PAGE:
Scientists were left completely baffled when mysterious holes were found 1.7 miles beneath the surface of the Atlantic Ocean.
Found by the National Oceanic and Atmospheric Administration’s (NOAA) Okeanos Explorer ship, which carried out three ocean exploration expeditions.
Now, confused scientists have asked internet sleuths what or who they think caused a series of mysterious holes that have been discovered on the seabed of the Atlantic Ocean.
The NOAA said on Facebook: “Okay Facebookers, time to get out those scientist hats!”
“On Saturday’s #Okeanos dive, we observed several of these sublinear sets of holes in the sediment,” the NOAA added. “These holes have been previously reported from the region, but their origin remains a mystery.”
“While they look almost human made, the little piles of sediment around the holes make them seem like they were excavated by…something.”
Then, NOAA asked social media users: “What’s YOUR hypothesis?”
“Molusk of some sort under the sand blows out a vent then slowly moves along blowing another vent when it rests,” one user hypothesized.
More replies from folks online:
“Previous dive ROV tracks?” one user wrote, to which another replied: “No, they aren’t very long, there’s no equipment (exploration or fishing) that would only be on the bottom for 20′. They were scattered all over and they were not aligned in anyway.”
“Looks like impact craters around the holes, something landed and then created the hole? another user wrote. “Something that bounces across the bottom, they seem almost the same distance apart from each other.”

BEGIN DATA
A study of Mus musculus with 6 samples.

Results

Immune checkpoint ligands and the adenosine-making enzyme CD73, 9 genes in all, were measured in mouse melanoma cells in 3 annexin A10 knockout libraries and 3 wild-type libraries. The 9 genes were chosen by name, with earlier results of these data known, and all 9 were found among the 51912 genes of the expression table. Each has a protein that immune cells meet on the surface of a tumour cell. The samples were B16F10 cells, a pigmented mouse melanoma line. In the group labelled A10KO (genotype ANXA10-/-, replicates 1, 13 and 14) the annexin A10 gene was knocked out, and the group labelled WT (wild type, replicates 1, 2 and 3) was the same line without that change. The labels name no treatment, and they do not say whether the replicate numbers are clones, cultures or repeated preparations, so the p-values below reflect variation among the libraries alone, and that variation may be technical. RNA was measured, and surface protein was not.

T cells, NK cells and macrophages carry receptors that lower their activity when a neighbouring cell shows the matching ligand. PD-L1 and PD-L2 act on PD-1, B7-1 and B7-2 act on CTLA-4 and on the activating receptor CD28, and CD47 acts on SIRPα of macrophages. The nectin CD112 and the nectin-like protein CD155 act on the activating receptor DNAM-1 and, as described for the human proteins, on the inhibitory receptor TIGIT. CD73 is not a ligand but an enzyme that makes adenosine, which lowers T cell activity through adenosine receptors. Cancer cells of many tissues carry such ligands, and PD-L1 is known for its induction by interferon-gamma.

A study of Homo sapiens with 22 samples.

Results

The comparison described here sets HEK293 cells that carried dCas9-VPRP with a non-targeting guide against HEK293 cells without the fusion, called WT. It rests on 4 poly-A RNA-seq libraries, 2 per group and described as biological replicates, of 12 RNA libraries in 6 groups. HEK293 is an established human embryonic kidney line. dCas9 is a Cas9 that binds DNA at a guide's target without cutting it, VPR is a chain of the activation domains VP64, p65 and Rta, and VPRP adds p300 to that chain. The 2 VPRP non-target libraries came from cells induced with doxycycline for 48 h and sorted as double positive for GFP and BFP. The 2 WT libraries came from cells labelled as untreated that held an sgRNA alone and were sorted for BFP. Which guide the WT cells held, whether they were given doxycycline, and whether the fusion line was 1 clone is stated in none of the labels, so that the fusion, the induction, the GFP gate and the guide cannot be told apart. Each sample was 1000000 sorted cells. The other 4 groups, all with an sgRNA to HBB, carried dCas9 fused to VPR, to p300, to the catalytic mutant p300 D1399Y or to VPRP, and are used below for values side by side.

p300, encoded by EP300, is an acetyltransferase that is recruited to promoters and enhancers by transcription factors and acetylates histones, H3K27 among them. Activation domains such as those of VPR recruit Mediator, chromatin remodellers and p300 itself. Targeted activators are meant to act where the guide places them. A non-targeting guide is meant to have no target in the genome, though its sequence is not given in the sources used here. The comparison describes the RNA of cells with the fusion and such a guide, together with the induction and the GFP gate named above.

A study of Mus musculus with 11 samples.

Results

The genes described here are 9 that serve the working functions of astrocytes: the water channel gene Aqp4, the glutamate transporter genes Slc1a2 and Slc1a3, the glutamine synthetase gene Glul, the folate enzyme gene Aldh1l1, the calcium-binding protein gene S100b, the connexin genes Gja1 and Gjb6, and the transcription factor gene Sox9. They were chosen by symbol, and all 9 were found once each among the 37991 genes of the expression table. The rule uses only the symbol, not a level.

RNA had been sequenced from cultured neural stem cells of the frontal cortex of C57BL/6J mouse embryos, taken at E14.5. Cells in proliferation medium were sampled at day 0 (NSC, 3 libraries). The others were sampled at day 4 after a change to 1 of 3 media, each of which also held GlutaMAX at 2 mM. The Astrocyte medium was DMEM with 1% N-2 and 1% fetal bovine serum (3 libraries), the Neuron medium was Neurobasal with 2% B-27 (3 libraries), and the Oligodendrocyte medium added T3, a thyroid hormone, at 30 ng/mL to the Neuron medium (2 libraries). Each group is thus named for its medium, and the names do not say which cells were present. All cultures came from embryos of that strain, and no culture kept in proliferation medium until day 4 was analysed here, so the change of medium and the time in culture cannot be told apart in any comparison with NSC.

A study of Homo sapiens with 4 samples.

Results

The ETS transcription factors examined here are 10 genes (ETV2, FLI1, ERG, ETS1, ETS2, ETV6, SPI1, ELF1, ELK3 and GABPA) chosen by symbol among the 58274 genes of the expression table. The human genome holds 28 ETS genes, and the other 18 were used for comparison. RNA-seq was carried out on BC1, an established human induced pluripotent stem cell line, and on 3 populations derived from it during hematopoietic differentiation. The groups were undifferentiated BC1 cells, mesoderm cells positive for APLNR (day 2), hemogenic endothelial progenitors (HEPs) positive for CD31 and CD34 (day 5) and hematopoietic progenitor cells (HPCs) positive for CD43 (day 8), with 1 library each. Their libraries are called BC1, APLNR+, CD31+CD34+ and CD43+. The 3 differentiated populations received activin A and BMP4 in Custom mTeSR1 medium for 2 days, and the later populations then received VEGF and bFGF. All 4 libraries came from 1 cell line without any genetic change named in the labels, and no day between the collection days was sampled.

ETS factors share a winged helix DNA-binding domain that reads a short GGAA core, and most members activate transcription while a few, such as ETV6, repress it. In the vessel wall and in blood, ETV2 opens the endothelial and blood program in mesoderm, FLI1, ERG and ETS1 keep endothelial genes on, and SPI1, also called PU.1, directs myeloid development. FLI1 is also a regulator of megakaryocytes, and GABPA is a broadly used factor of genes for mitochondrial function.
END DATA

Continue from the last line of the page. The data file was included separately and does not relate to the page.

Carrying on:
Yet another commenter said, “I wonder if some company may be conducting sea floor samples. That might explain the straight lines and the spacing of the holes. Especially if you have seen others in the region.”
The Western Journal Reports:
The Saturday pictures were taken during the second NOAA journey in the Voyage to the Ridge 2022 series.
The three-part series — which started on May 11 and will end Sept. 2 — will involve telepresence-enabled expeditions “to collect critical baseline information and improve knowledge about unexplored and poorly understood deepwater areas of the Charlie-Gibbs Fracture Zone, Mid-Atlantic Ridge, and Azores Plateau,” the NOAA said.
The NOAA ship Okeanos Explorer will take part in the voyages, the last of which is scheduled for Aug. 6 to Sept. 2.
The ship’s first voyage in the series was from Newport, Rhode Island, to St. John’s, Newfoundland, between May 14 and June 7.
Its second voltage is from Norfolk, Virginia, to Horta, Faial, Azores, Portugal, between July 9 and July 30.
As part of its third voyage, the vessel will sail from that location in Portugal to San Juan, Puerto Rico.
The NOAA is now conducting mapping operations around the Charlie-Gibbs Fracture Zone, Mid-Atlantic Ridge, and the Azores Plateau in the North Atlantic Ocean as they try to solve the mystery.
“Voyage to the Ridge 2022 will yield data to help scientists understand the diversity and extent of deep-sea coral and sponge communities along the Mid-Atlantic Ridge, Azores Plateau, and Charlie-Gibbs Fracture Zone,” the NOAA said.
“We will investigate biogeographic patterns of deep-sea ecosystems and connectivity across the Mid-Atlantic Ridge, Azores Plateau, and Charlie-Gibbs Fracture Zone for use in broader comparisons of deepwater habitats throughout the Atlantic Basin.”
The voyage also will help researchers “improve knowledge of past and potential future geohazards,” the agency said.